How Do I Become a Manicurist?
Manicurists offer cosmetic nail care to their clients. Learn about the job duties, education and training requirements, licensure, employment outlook and salary information for this career. Schools offering Culinary Arts degrees can also be found in these popular choices.
Job Duties of a Manicurist
As a manicurist, you'll be responsible for providing cosmetic nail care to clients. You may find work in a nail salon or beauty salon. When customers come in to have their nails done, you'll sit them down at a prepared station and ask them what exactly they'd like out of their manicures. You'll clean and shape their fingernails with specialized tools and equipment. You'll then sand out the roughness of their fingernails and file them down. If clients request it, you'll also apply polish or decorations on top of clean nails.
Education and Training
Community colleges, for-profit beauty schools and technical schools offer certificate programs for aspiring manicurists and nail technicians. A nail technician certificate program will provide you with theoretical instruction and practical training in nail care. You'll learn the basics of nail care safety, sanitation, nail and skin disorders, bacteriology and anatomy.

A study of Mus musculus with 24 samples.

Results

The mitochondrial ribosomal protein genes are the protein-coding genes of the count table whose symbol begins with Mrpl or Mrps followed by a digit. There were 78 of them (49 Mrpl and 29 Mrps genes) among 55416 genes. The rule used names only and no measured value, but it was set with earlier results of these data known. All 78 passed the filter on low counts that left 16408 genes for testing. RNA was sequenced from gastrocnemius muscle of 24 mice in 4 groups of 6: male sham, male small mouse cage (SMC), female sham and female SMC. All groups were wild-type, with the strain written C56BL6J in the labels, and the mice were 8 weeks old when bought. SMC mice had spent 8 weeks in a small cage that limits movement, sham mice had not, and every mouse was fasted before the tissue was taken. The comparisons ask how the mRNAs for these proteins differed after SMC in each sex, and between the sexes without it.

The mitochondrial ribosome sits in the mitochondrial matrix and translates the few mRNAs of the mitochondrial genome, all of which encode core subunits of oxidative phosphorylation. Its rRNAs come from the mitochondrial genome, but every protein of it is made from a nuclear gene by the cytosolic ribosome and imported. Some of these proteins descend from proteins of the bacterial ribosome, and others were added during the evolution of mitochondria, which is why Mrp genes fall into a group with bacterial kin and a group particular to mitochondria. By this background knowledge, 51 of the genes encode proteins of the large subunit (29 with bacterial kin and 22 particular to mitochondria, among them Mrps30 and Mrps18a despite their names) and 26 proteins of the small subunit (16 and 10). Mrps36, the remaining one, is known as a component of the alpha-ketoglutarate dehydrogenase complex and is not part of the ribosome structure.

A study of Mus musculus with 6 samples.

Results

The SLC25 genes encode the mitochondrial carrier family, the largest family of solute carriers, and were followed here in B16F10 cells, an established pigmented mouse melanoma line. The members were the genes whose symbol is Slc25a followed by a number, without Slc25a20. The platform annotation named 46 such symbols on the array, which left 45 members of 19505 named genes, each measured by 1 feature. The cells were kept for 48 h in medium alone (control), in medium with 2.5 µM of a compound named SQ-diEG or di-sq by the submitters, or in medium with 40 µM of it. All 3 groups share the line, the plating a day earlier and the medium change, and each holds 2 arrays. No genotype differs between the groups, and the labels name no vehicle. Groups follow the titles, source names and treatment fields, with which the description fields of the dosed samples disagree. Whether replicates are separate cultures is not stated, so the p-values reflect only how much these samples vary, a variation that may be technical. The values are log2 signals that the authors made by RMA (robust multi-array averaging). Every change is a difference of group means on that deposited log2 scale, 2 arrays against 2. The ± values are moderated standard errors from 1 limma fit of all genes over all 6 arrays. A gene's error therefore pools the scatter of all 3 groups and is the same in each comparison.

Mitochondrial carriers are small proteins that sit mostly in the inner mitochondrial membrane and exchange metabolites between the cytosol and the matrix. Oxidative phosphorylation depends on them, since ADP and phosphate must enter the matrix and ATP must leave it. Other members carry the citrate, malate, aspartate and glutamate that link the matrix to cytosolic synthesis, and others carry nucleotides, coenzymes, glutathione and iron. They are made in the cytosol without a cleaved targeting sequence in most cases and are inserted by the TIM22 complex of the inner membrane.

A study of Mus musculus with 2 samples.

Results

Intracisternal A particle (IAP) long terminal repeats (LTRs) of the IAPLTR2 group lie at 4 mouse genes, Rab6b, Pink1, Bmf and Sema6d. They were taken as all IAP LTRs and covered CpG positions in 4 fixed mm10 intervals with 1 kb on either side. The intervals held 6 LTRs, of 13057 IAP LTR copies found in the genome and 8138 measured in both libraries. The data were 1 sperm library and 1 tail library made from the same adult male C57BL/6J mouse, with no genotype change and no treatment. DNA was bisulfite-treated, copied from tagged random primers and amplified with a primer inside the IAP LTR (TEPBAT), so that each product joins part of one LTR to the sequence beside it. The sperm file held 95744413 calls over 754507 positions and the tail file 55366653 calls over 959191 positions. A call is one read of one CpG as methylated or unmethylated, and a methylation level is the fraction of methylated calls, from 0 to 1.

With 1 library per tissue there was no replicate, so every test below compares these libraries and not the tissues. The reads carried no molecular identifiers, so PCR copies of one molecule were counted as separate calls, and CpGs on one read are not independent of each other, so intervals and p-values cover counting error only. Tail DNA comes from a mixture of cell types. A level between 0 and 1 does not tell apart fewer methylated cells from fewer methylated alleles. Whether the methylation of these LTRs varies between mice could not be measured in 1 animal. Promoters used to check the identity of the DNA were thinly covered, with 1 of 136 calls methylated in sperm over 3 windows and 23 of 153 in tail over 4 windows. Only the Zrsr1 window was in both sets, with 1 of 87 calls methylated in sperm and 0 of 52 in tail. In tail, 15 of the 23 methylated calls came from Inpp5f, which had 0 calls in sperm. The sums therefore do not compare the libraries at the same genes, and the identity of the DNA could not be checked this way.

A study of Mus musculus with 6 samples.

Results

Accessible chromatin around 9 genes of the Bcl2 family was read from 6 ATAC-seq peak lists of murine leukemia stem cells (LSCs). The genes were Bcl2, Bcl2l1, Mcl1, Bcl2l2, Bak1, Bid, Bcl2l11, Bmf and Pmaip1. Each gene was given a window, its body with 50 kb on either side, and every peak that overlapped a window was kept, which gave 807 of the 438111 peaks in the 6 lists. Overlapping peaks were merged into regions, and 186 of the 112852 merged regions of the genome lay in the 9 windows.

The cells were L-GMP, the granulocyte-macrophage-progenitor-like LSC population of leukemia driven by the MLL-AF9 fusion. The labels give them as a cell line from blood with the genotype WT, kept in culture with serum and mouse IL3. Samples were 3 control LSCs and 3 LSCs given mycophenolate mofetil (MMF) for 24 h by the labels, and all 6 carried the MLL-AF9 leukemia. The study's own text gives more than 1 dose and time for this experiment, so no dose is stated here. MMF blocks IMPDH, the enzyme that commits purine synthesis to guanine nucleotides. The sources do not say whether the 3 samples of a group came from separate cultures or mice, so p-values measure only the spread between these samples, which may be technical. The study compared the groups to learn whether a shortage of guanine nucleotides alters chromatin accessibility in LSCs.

Some certificate programs also include courses related to salon management and bookkeeping. While completing clinical training, you'll be expected to practice the techniques for cleaning and filing nails, applying artificial nails, using manicurist products and applying nail art.
All cosmetologists, including manicurists, are required to gain licensure before they can legally begin working in any state. Each state has its own licensure requirements for manicurists. Most require you to be at least 16 years of age and to have a certificate from a state-approved cosmetology school. They also require you to complete a licensing examination before you can work as a manicurist.
Employment and Earnings Information
Manicurists and pedicurists held more than 53,000 jobs across the country in 2009, according to the U.S. Bureau of Labor Statistics (www.bls.gov). The median annual salary in the field in that year was just below $20,000. Most manicurists were employed by personal care services, but other settings that employ manicurists include hotels and department stores. Among the top-paying states in the profession in 2009 were Vermont, Oregon and Utah, reports the Bureau.